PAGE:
As I mentioned two days ago, I went on a photo walk yesterday evening with fellow photographers from facebook group Bangkok Photographers. I went to our designated meeting spot a couple of hours earlier, so that I was able to look at the exhibitions in the Bangkok Art and Culture Centre - BACC for short.
There were some very interesting artworks to be seen, but the thing that impressed me the most were photos of Thailand, made as per request from the government to make 2019 calendar. Some of those pictures were beyond amazing.
There's also an exhibition by Her Royal Highness Princess Maha Chakri Sirindhorn going on at the moment (photography) as well as Bangkok Art Biennale 2018, where 75 authors from 35 countries are representing their art over 20 locations in Bangkok.
It took me about 2 hours to see everything, and the best part was that everything was admission free!
I decided not to take pics of the artworks exhibited - I think that would be somewhat rude - but I made one pic of an installation hanging in the main lobby:
I didn't see any explanation and didn't ask anyone, but my guess is they're trying to raise awareness about plastic pollution, which is - sadly - still a growing problem in the world.
After seeing all of the exhibitions I was left with about 45 minutes of free time before the photo walk, so I decided to make some shots of the brutal concrete railway upon which the skytrain is operating:
After taking those photos, it was time for the photo walk. Our theme was 'see the light'. I made some pics, but Dennie (the organiser) is publishing a magazine, and he kindly asked us to send them to him and not publish anything before he makes his pick, which is going to be on 23. of December, so I'll post them after that. I can say it was a very interesting experience, though :)
Which brings me to today.
I got up early (6:30 to be exact) and headed down to nearest skytrain station, where I took the train close to Mo Chit bus terminal, where I had the spiciest breakfast of my life, and then boarded a minivan to the ancient city of Ayutthaya.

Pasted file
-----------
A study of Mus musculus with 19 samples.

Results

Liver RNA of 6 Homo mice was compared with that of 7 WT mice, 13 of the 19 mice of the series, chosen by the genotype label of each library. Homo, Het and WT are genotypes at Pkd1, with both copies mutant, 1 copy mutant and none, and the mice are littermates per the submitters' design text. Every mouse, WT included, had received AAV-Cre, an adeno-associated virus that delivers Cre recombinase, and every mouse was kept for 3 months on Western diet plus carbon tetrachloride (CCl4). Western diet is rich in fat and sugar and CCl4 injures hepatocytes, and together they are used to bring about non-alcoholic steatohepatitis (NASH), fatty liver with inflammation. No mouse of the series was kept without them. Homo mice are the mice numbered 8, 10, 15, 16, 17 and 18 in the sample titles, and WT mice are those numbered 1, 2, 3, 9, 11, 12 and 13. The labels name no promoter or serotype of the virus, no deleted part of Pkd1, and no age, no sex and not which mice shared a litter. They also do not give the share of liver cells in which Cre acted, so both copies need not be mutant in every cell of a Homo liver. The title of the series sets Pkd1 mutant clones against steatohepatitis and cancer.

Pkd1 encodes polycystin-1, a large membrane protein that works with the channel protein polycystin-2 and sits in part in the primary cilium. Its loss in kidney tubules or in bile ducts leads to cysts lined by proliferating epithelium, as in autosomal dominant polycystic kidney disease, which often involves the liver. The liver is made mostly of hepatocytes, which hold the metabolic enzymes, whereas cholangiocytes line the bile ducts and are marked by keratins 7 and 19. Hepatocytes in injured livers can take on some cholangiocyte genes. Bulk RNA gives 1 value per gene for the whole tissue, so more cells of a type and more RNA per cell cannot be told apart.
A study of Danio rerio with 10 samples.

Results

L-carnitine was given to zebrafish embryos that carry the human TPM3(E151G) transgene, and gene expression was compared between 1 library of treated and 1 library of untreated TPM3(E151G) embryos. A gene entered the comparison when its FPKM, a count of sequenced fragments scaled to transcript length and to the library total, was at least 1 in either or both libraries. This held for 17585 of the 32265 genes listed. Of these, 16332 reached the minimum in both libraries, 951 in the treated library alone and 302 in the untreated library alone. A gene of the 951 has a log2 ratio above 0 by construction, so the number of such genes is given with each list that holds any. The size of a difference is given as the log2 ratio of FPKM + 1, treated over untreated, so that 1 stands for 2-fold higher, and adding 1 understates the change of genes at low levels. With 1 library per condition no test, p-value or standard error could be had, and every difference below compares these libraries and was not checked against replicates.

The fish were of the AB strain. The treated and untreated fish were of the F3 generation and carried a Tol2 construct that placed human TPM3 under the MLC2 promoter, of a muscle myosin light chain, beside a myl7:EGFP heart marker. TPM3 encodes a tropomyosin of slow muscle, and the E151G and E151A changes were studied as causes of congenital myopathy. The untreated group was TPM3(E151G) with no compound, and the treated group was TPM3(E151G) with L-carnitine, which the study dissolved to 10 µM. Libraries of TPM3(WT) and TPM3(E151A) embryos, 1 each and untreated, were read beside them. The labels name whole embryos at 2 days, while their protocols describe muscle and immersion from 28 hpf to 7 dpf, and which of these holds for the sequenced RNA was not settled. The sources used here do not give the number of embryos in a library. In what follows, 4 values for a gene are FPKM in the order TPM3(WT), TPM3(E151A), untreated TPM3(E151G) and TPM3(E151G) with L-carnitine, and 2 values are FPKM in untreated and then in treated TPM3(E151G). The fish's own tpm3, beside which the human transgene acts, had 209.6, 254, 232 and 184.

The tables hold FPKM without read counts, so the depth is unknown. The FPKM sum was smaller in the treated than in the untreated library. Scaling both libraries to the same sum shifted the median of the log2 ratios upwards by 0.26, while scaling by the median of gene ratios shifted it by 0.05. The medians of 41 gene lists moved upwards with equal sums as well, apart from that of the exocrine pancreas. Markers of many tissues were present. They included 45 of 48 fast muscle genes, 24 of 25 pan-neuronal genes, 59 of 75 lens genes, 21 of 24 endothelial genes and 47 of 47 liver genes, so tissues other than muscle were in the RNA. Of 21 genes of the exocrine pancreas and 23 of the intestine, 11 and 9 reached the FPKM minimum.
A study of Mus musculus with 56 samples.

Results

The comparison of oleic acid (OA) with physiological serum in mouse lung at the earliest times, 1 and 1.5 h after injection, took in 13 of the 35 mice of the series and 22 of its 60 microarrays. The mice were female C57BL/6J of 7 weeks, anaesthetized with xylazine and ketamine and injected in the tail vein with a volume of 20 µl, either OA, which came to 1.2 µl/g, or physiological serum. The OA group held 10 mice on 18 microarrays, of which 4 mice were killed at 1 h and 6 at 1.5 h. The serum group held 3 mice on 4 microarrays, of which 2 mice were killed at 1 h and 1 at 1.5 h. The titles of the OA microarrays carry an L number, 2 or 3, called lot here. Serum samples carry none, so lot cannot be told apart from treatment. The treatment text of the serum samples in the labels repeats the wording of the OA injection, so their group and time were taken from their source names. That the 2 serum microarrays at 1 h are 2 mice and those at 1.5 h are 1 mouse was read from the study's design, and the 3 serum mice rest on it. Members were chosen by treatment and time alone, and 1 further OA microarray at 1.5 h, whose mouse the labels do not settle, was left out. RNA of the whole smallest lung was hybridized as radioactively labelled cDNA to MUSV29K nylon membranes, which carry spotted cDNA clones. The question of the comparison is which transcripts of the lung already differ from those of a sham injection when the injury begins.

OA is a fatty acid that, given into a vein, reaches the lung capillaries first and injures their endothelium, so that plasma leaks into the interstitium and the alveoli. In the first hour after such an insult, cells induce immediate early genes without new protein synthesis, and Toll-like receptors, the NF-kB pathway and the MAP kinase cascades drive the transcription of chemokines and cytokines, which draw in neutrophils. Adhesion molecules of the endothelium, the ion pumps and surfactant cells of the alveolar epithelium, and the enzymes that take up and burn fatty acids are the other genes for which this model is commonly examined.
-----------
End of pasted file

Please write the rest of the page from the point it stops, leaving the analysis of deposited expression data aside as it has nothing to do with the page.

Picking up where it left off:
Ayutthaya was also the name of the kingdom, which consisted of several outlying towns and the capital city with the same name.
The city itself was built in 1351 and was known for its friendliness towards foreign traders. By the 16th century, it was described by those traders as one of the biggest and wealthiest cities in the East. The court of king Narai (1656–1688) even had strong links with the court of King Louis XIV of France, whose ambassadors compared the city in size and wealth to Paris.
Because of that, they naturally had various enemies that wanted to rob them of their wealth, and in 1765 - after 50 years of internal coups and struggles to seize the throne by generals and princes - it was the Burmese armies that succeeded. 40.000 Burmese soldiers marched to Ayutthaya form north and west, and after 14 months siege it was burned in April of 1767. Ayutthaya's art treasures, the libraries containing its literature, and the archives housing its historic records were almost totally destroyed.
The city never recovered, but it had been added to the UNESCO world heritage site. Another Ayutthaya city was built near the ruins, and it's still a big city today.
Ok, so now that you know a tiny little bit about the ancient ruins (their history is much more complex and interesting), let me share some of the photos I made while visiting them.
The first thing I noticed upon entering were all of the broken statues of Buddha, assembled in one place:
The nature is slowly taking back the city:
Ok, I'm not creative enough to make a witty comment with every pic, so here you go:
OK, I know that's a lot of images and that I could just pick 10 of the best ones, but I wanted to give you some perspective on how massive the ruins are. I might as well mention, that I've only visited 3 spots out of 7; due to walking as per my ever so tight budget.
You might have noticed that pretty much all of the Buddha statues are missing their heads. As I was walking around I was thinking about that fact, and my imagination went a bit wild - I assumed that the Burmese bashed all Buddhist relics when they pillaged the city, but the truth is much less exciting - they were chopped off by various looters and sold off to private collections in Europe and the U. S.
Near the end of my excursion I sat down to have a bit of rest and drink some water, and I spotted this tiny island:
The last thing I saw before exiting the park were tourists riding an elephant:
My first thought was 'Wow, that's awesome!' but on the heels of that I started to hate the local guide for exploit the poor animal for profit. I hope he's at least treating it well.
This concludes my Bangkok odyssey; I'll have a day off tomorrow, I need to get the laundry done and make some plans for the last part of my trip - Nepal. My plane is leaving Bangkok on 19. 12., I hope I'll have internet access in Nepal - from what I've read it's supposed to be pretty shitty :)
Well, have a good one, see you all next chance I'll get.